Campeche

CampecheThe state capital, also called Campeche, was declared a World Heritage Site in 1997.  Today, much of the state’s economic comeback is due to the finding of petroleum offshore in the 1970s, which has made the coastal cities of Campeche and Ciudad del Carmen important economic centers. The state has important Mayan and colonial sites but they are not as well known or visited as others in the Yucatán. An early important site is Edzna, located near the city of Campeche in a region known as los Chenes. It was one of the most important ceremonial centers in the pre Classic Maya period (300-900CE). The largest archeological site in the state is Calakmul, which means “twin heaps” in Maya. It is located in the Petén region built in the late Classic period (500-900 CE). Calakmul is estimated to have been populated around 1000 BCE with its height at around 600 In 695 CE, Calakmul was conquered by Tikal and the city fell into decline.

Calakmul

CalakmulIs a Maya archaeological site in the of Campeche, deep in the jungles of the greater Petén Basin region. It is 35 kilometres (22 mi) from the Guatemalan border. Calakmul was one of the largest and most powerful ancient cities ever uncovered in the Maya lowlands. Calakmul was a major Maya power within the northern Petén region of the Yucatán of southern Mexico. Calakmul administered a large domain marked by the extensive distribution of their emblem glyph of the snake head sign, to be read “Kaan”.  Calakmul itself is estimated to have had a population of 50,000 people and had governance, at times, over places as far away as 150 kilometers. There are 6,750 ancient structures identified at Calakmul; the largest of which is the great pyramid at the site. Structure 2 is over 45 metres (148 ft) high, making it one of the tallest of the Maya pyramids.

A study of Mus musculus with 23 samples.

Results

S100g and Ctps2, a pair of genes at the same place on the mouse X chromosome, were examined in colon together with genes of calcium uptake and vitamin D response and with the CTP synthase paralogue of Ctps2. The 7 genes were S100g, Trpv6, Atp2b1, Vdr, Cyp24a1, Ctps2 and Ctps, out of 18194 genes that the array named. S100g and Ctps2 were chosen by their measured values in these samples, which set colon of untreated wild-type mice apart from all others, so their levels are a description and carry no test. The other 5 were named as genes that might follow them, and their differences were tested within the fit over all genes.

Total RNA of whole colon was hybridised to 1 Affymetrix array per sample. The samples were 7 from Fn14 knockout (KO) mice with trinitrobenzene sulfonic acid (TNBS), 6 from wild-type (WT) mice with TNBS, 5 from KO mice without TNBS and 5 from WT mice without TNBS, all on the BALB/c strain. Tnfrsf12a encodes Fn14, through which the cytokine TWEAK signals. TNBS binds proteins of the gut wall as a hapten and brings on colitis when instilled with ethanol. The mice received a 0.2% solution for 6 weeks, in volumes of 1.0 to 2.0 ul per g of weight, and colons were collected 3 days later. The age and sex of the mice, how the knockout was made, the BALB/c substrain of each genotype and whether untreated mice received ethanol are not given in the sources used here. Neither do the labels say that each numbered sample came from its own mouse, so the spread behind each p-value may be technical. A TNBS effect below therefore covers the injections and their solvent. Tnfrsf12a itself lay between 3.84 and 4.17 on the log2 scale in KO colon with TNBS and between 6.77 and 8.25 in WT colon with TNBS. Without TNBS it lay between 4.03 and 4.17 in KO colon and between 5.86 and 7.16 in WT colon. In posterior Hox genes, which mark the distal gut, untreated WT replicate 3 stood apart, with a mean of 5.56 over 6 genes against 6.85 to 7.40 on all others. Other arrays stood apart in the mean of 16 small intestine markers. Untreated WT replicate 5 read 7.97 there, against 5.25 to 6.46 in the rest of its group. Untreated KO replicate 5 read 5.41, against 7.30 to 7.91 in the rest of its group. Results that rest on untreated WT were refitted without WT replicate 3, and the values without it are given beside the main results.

Edzná

 EdznaEdzná was already inhabited in 400 BC, and it was abandoned circa 1500 AD. During the time of occupation, a government was set up whose power was legitimized by the relationship between governors and the deities. In the late Classic period Edzná was part of the Calakmul polity. The word “Edzná” comes from “House of the Itzás” which may suggest that the city was influenced by the family Itzá long before they founded Chichen Itzá. The most remarkable building at the plaza is the main temple. Built on a platform 40 m high, it provides a wide overview of the surroundings. Another significant building located in the plaza is a ball court.

If you go in the afternoon when the sun sets, it is worth the media spectacle of light and sound “The Light of the Itzás” recalls the splendor of the site and the customs of the Mayans who inhabited it.